My Team is Special – Do We Need a Fulltime ScrumMaster?
No…as long as the Team meets ALL of the following three preconditions listed below, a full-time ScrumMaster is most likely unnecessary.
- The Team is learning from their mistakes and refining their performance as they go.
- The Team is learning and adapting to the organizational idiosyncrasies, i.e. impediments, over time.
- The Team is improving continuously and getting considerably better month after month.
When Teams are at this state, I would say they have achieved a state of high-performance. If they started in this state, then something like Scrum would not benefit them. I would suggest letting them do whatever they want because it is clearly working. If they are not in state of high-performance, Scrum (or any Agile process), might help.
So when do we need a full-time ScrumMaster? When one, or more, these conditions is present within the Team.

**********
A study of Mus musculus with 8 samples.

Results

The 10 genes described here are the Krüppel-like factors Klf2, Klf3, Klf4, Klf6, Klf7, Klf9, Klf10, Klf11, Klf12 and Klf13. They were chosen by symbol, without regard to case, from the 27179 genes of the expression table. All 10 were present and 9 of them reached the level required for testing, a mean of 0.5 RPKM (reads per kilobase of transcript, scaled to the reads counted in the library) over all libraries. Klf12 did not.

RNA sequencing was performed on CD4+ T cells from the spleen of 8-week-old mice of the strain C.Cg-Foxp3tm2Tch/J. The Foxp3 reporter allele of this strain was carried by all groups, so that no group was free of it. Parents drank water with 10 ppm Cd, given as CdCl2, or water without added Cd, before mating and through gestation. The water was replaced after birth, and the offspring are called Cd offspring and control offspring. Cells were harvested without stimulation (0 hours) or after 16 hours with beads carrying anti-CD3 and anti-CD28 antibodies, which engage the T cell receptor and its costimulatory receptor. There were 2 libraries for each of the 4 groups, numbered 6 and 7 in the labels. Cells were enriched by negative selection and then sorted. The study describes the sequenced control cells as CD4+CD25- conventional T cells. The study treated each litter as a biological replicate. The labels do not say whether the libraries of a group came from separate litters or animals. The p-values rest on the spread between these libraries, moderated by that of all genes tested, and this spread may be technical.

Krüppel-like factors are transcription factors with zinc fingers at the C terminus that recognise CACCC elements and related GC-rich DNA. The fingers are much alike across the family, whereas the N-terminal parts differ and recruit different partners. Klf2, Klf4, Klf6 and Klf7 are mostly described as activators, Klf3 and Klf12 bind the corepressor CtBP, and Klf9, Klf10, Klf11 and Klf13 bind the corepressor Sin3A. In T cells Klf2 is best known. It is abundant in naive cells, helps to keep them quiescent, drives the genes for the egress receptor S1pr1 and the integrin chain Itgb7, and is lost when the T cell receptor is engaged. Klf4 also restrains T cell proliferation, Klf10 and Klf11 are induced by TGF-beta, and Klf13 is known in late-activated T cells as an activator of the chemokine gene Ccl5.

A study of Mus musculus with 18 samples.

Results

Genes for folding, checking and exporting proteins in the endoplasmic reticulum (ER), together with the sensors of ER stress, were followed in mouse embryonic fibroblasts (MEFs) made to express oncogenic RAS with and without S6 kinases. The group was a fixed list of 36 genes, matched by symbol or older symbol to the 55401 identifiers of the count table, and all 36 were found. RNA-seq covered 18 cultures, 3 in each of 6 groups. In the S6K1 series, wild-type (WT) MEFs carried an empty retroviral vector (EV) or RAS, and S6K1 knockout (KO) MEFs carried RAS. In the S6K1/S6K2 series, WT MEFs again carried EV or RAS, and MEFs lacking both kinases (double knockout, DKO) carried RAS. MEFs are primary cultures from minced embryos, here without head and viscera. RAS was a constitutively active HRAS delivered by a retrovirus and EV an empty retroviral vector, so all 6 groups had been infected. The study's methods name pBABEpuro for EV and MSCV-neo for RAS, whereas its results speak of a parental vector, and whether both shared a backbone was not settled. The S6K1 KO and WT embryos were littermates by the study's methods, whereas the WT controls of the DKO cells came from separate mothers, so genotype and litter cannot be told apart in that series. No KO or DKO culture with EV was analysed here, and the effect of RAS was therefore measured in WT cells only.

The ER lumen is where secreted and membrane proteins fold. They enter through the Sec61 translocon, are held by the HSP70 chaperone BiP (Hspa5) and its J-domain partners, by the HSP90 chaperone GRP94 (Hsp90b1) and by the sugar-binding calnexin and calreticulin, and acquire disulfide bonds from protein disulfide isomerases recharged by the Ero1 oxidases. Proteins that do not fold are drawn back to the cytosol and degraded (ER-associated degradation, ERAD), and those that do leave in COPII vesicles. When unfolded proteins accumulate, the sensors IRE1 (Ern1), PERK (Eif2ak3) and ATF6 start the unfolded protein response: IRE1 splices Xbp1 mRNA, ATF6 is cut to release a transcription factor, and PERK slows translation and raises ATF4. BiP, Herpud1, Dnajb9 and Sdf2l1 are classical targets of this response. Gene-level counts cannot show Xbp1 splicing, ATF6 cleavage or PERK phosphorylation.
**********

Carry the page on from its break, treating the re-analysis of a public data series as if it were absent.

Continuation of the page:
- The Team keeps making the same mistakes over and over while product quality stagnates (or degrades).
- The Team consistently encounters the same organizational impediments and responds with the same coping strategy with predictable results.
- The Team fails to adopt the kaizen mindset and their performance as a group founders.
Working through these issues at the individual, team and organizational levels is a full-time job for most people. As I have mentioned before, the ScrumMaster is eight roles wrapped in one and it takes time to master them. Learning these skills is certainly not yet another unpleasant task for an overworked Team member (or the fictitious “Agile” project manager). Nor can a ScrumMaster work in a different location as the Team. Addressing the issues listed above takes time, focus and dedication.
Finally, Geoff Watts dedicates an entire chapter in his book, Scrum Mastery: From Good to Great Servant Leadership, on this topic. In his book, Geoff walks through three common scenarios, Product Owner-ScrumMaster, Team Member-ScrumMaster and one ScrumMaster for multiple teams, talks about the potential conflicts of interests, the benefits (there are actually a few) and the risks.